Water conservation has unintended consequences for residents and water managers, according to new research.
Victoria University PhD student Nyoman Marleni found reducing and replacing potable water lead to smellier sewers and more corrosion in sewer pipes.
"Everybody talks about the benefits of water saving measures but it's important to remember the same amount of waste goes into the sewer, so by reducing or replacing the potable water we are left with more concentrated wastewater," she said.
"This more concentrated wastewater leads to higher concentration of odour producing gases and more corrosion in sewer pipe."
In a case study beneath Melbourne's northern suburbs, Ms Marleni modelled sewer conditions under four water conservation scenarios for the residents: simple reduced water usage, grey water reuse systems, rainwater harvesting and wastewater recycling through sewer mining technology. For each scenario she also measured levels of hydrogen sulphide gas, the chemical largely responsible for pungent 'rotten egg' sewage odours and corrosion of sewer pipes.
The reduced usage scenario assumed residents were using about 22 litres a day less water per person. The impact of this scenario was calculated to reduce the average local sewer network's lifespan through corrosion by 40 years, from 147 to 107 years, and raise the hydrogen sulphide to unpleasant, yet not harmful, levels.
But when calculating what might happen if all residents installed grey water reuse systems "using bathroom and laundry wastewater for toilet flushing and garden irrigation to reduce potable water consumption by 70%" results were more alarming. Hydrogen sulphide levels would increase to be not only smelly but cause eye, nose and throat irritation, headaches and nausea. Meanwhile the average lifespan of sewer pipes under those conditions was reduced from 147 years to just 70 years.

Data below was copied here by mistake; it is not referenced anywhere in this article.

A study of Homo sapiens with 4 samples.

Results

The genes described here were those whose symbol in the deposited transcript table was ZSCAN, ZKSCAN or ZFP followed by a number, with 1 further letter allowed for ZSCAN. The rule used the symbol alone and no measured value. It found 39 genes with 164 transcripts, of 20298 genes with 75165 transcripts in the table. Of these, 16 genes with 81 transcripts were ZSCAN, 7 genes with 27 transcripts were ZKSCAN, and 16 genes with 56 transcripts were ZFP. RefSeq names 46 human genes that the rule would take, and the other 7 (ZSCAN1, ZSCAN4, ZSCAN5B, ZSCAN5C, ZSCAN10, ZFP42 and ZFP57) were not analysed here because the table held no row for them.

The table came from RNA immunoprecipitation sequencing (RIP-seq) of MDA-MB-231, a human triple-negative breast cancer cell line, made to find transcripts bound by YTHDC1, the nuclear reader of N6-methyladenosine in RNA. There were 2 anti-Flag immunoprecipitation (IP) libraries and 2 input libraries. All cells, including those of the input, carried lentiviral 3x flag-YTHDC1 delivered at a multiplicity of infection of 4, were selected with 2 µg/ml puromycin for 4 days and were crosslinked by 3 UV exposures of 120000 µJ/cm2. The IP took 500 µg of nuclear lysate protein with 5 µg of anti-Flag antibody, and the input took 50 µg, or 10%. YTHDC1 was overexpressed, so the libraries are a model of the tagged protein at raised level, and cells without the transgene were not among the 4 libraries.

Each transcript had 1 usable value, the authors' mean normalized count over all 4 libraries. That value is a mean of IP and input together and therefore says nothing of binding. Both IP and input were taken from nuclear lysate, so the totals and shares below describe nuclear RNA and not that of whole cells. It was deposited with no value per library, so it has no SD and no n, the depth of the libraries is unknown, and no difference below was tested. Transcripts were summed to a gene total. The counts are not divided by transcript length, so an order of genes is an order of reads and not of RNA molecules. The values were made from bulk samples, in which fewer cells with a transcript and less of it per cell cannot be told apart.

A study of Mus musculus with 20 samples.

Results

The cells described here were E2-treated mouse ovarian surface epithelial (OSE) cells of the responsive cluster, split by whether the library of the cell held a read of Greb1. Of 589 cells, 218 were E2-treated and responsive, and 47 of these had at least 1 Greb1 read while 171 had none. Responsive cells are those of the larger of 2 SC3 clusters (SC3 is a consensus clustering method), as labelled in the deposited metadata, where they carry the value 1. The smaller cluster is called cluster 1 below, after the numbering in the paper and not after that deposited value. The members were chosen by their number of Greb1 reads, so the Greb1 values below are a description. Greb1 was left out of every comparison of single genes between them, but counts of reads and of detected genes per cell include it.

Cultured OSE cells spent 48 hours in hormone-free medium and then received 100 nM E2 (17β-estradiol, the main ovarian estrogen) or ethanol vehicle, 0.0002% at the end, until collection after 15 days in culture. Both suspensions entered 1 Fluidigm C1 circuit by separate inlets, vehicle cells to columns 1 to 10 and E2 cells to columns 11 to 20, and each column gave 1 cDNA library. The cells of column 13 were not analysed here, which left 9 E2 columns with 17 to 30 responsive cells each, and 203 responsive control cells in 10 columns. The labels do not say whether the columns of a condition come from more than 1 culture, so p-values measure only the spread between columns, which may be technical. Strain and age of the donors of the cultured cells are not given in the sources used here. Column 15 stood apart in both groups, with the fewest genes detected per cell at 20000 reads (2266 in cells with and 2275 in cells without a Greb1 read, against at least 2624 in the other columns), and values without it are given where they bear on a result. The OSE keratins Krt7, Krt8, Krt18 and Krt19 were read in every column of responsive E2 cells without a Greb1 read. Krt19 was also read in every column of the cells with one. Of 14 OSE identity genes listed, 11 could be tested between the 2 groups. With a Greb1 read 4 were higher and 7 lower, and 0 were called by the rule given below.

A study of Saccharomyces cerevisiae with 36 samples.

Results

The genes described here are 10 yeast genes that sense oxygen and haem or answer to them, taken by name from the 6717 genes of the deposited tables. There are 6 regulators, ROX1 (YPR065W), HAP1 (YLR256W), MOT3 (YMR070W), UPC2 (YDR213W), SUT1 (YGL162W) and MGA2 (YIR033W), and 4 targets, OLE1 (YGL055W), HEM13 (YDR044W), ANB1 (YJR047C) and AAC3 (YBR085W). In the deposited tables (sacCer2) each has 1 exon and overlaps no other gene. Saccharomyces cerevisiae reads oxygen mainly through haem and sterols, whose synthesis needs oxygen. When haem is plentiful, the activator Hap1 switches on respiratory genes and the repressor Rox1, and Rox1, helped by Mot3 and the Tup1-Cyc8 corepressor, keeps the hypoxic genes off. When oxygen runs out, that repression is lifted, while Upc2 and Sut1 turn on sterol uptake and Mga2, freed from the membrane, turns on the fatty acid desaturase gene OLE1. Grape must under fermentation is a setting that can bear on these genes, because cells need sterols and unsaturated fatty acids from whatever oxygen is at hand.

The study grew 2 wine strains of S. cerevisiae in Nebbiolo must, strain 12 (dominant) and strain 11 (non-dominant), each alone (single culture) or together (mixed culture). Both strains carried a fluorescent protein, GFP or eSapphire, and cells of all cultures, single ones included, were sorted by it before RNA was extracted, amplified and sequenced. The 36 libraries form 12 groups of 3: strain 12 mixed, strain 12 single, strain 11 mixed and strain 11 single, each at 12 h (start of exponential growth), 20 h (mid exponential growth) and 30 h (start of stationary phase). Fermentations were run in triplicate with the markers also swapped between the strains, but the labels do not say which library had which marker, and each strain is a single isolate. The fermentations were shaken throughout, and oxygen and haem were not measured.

Rainwater harvesting had less impact, resulting in slight smells and about 6 years in pipe lifespan reduction.
While other scenarios were assumed to be implemented at a household scale, the wastewater recycling through sewer mining was modelled on a sewer mining facility able to supply alternative water to 70% of households in the study area. Modelling showed the sewer pipes after sewer mining had a small increase in hydrogen sulphide gas and the average pipe lifespan was reduced by 32 years.
Ms Marleni said more research was needed so that water authorities could include precise data in planning as water saving measures became more widely used.
This study was funded by CSIRO's Water for a Healthy Country Flagship scholarship. Ms Marleni's principal supervisor is Dr Nitin Muttil from the university's Water Resources Research Group and her associate supervisor is Professor Stephen Gray from the university's Institute for Sustainability and Innovation. Dr Ashok Sharma and Professor Stewart Burn from CSIRO also are associate supervisors for this project.